SALT LAKE CITY — The massive landslide at Kennecott Utah Copper’s Bingham Canyon Mine was a “challenging but disappointing event,” a mine executive told the Salt Lake County Council on Tuesday afternoon.
While Kennecott needs to resolve several short-term issues to safely resume mining in the slide area, “we’re determined to come out of this stronger and better than we were before,” said Ted Himebaugh, general manager of integrated operations.
The April 10 slide moved an estimated 150 million tons of dirt and rock. By April 13, mining operations had resumed in an unaffected area of the 2.5-mile, open-pit mine. In that portion of the mine, crews are removing more than a billion tons of soil and rock to reach copper ore deposits.
Earlier, Kennecott officials said they expect production at the mine to drop by half in 2013.
“We’ll try to do better than that, absolutely,” Himebaugh said.
Brandon Drew of Operating Engineers Local No. 3, which represents heavy equipment operators and diesel mechanics, said no workers directly employed by Kennecott have lost income as a result of reduced operations.
“At no point has Kennecott indicated they were going to lay anyone off. In fact, they paid all of their employees when they couldn’t work,” Drew told the council.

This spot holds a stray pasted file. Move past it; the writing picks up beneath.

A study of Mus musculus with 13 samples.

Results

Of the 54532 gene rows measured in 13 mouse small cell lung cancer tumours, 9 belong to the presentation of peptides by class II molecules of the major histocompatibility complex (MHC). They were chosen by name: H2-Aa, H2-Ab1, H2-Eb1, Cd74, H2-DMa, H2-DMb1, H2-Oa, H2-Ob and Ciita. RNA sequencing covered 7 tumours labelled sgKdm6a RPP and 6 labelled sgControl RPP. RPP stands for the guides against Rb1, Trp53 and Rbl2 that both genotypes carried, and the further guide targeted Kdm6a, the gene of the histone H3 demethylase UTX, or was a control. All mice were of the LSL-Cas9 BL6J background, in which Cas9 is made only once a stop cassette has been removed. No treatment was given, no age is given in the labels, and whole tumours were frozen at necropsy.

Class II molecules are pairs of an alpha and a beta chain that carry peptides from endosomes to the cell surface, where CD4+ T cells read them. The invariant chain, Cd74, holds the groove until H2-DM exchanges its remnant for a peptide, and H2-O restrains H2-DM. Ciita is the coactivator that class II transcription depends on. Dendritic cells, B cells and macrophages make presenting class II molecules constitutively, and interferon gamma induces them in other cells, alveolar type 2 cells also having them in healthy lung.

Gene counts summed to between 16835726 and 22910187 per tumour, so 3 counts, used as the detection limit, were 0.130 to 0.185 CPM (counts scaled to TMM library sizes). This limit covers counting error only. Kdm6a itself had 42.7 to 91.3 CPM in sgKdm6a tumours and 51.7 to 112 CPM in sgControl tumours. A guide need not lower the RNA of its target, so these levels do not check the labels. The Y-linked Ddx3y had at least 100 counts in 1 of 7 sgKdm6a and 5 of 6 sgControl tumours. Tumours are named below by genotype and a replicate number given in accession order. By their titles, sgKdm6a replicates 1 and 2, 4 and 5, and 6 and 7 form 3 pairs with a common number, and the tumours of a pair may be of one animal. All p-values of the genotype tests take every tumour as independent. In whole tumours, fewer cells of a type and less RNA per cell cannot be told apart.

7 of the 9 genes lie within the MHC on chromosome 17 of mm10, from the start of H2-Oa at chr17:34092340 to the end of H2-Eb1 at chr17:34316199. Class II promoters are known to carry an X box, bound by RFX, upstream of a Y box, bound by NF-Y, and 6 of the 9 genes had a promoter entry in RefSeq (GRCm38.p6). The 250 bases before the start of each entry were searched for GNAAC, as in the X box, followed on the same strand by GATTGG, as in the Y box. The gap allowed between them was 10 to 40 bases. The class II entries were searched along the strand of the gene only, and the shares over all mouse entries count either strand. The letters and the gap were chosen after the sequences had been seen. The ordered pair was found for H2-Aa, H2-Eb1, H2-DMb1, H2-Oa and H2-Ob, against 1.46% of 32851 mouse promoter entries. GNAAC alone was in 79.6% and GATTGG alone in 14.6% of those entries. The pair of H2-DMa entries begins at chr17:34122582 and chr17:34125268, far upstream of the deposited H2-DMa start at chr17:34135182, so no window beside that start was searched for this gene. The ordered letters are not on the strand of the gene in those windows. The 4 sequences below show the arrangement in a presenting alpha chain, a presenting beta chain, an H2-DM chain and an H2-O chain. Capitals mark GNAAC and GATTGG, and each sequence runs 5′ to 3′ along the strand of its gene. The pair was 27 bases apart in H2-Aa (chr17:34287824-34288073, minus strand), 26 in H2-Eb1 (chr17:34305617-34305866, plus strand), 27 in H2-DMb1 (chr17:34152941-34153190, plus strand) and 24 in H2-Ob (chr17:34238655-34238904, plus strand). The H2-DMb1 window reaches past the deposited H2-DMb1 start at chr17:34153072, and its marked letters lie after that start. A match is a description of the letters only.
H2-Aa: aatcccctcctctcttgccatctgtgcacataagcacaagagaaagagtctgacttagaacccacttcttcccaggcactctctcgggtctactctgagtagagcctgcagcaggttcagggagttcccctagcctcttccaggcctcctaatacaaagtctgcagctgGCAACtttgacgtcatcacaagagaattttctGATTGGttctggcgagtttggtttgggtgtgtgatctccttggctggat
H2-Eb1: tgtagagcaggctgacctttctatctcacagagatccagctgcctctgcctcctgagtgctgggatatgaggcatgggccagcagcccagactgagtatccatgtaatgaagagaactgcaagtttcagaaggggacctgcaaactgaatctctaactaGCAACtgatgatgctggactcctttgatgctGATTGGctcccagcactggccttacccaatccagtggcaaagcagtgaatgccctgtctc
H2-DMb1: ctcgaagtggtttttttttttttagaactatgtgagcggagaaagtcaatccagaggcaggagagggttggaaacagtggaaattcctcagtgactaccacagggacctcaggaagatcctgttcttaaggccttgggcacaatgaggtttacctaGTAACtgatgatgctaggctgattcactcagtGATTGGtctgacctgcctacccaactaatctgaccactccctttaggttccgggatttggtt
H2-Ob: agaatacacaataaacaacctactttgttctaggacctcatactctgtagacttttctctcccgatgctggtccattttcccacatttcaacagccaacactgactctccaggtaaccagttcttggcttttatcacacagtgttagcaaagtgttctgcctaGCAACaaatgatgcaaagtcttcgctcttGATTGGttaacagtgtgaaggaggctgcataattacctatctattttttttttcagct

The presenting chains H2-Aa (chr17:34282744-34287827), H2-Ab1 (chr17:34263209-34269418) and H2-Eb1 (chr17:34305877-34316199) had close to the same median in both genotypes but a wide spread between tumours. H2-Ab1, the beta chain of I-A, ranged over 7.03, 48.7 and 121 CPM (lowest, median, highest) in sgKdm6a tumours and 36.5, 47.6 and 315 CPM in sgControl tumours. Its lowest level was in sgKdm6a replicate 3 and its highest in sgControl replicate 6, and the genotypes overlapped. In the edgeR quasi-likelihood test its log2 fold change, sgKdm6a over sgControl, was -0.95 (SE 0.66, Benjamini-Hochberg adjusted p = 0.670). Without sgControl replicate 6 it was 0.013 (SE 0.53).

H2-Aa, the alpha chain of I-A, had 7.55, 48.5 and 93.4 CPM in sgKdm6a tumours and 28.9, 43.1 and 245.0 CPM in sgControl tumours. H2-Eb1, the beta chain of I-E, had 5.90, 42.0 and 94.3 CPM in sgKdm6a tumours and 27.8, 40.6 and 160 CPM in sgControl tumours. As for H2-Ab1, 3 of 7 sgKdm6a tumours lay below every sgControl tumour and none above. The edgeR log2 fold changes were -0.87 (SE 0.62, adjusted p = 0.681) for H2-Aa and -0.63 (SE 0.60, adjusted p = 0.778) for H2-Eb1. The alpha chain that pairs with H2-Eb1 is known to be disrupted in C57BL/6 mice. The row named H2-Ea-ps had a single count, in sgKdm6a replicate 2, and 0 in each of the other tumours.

Councilman Michael Jensen said Kennecott officials had briefed the Unified Fire Authority about the potential slide, and the two entities had trained jointly to respond to the event.
As it turned out, no one was injured when the slide occurred at about 9:30 p.m. Fourteen trucks and three shovels were damaged.
“From a fire department perspective, we were extremely happy how they handled it. They were very upfront with us,” said Jensen, who is chief of the UFA.
Mine operators had carefully monitored the disturbed area weeks prior to the slide, “but we didn’t have a clear understanding how big it was,” Himebaugh said.Comment on this story
“We sort of had a plan like DEFCON,” he said, referring to the U.S. military’s graduated levels of readiness or states of alert. "When we get to this point, we do this. When we get to this point, we do that. Of course, it was untested."
Kennecott is the county’s leading taxpayer but neither council members nor Kennecott officials made direct reference to the potential financial impact to the county.
Just as the county and economy benefits when Kennecott thrives, “we’re sharing in our collective sacrifice,” Himebaugh said. Mine regulators have not yet given Kennecott officials the OK to re-enter the slide area.
“It will benefit everyone to get Kennecott back on track as fast as we can," Jensen said.